Often there’s an official story, and conspiracy theories explicitly push back against it, such as with 9/11. The official story is that this was a terrorist attack, but the conspiracy theory is that it was the government, or someone else. However, conspiracy theories can also emerge as an event unfolds, before the official story becomes clear, in the guise of “there is more to this than we are being told”.
Conspiracy theorists tend to believe that everyone else is being deceived, apart from themselves. The methods of deception, they believe, are elaborate, complex, ongoing and executed almost perfectly – pulling the wool over the eyes of those who haven’t yet ‘seen the light’.
When real-life scandals are uncovered, we usually find petty self-interest is at the root of it. But in many conspiracy theories, the motivation is apocalyptic and wicked – such as in the case of the ‘Pizzagate’ conspiracy theory that went viral during the 2016 US presidential election campaign, in which Democrats were accused of running a paedophile ring through pizza restaurants.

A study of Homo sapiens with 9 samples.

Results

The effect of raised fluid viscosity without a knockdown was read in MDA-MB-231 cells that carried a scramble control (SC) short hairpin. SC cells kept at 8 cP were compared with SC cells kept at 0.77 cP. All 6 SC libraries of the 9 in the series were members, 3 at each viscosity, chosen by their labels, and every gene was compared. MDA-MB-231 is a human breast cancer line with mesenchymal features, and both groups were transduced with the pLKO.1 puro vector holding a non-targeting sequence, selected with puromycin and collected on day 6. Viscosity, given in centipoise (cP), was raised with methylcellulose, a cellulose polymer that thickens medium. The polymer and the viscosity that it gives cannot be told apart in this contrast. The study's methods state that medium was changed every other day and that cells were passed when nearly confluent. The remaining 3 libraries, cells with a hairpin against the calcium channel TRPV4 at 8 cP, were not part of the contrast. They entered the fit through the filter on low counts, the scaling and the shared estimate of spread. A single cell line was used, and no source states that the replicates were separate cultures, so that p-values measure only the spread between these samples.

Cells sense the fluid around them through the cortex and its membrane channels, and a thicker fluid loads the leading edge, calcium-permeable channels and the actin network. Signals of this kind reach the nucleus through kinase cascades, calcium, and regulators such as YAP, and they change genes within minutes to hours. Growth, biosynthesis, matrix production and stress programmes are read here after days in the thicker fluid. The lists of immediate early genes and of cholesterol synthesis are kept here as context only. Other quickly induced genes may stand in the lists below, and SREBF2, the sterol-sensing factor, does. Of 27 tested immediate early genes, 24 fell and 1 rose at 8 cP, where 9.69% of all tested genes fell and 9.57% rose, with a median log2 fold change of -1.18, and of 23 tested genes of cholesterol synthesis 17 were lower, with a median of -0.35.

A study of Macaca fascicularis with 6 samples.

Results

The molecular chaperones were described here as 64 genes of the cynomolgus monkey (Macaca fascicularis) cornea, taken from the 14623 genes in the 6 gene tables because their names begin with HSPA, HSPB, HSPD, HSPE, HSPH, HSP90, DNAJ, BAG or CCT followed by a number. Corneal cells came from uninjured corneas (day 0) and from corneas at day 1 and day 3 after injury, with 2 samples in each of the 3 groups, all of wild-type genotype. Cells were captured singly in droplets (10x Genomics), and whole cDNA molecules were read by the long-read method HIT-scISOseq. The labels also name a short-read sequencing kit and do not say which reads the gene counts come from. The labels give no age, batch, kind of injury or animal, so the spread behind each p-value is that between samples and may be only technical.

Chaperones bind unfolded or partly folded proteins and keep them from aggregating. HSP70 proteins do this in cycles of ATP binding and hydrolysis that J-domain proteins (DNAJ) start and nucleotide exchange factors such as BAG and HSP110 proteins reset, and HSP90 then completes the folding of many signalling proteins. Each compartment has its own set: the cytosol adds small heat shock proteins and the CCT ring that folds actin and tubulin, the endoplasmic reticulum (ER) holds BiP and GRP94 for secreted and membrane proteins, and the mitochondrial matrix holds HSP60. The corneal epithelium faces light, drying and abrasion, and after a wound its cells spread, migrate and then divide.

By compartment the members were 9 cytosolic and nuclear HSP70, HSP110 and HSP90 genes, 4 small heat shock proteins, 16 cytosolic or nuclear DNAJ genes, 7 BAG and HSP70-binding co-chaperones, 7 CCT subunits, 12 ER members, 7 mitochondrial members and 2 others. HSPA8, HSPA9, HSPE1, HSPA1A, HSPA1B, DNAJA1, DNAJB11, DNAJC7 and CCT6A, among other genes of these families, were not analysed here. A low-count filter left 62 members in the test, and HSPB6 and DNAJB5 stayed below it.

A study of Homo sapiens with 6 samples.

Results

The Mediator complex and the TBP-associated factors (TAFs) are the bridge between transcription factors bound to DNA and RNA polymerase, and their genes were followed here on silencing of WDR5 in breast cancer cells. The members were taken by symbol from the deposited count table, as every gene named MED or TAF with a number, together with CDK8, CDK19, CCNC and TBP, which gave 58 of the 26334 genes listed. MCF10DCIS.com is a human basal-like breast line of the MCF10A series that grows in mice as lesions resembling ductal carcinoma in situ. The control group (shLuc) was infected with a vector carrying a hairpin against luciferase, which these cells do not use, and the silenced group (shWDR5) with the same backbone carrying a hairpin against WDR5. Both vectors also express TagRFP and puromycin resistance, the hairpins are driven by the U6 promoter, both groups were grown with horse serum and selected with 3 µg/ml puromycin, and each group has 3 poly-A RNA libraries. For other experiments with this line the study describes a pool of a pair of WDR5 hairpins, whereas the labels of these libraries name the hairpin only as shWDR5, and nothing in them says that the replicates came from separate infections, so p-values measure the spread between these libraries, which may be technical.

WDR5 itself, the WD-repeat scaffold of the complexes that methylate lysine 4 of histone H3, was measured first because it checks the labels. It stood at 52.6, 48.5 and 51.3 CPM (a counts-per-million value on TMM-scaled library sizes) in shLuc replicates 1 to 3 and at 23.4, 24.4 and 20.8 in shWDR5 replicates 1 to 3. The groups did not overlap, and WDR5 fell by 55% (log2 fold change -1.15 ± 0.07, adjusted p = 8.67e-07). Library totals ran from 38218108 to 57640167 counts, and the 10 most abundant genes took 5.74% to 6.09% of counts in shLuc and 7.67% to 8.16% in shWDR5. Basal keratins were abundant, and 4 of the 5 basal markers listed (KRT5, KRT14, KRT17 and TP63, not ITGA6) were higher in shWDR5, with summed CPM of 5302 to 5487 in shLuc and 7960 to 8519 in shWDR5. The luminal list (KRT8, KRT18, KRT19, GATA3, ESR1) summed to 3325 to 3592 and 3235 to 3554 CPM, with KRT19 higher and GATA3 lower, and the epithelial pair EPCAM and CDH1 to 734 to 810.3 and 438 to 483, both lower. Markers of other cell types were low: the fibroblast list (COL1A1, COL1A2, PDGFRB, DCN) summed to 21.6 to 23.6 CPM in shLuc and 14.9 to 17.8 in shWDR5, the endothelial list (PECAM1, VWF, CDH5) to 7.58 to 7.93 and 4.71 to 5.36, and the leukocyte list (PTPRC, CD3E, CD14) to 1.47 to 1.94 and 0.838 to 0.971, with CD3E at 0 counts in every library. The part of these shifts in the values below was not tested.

According to some experts, a key characteristic of conspiracy theories is that they have not yet been shown conclusively to be true, but are simultaneously impossible to disprove, as any contradicting evidence is discounted. Take the Flat Earth theory: adherents are still seeking evidence to prove they are right, but no amount of proof showing that we live on a globe can convince them that they are wrong.
This is an extract from issue 326 of BBC Focus magazine.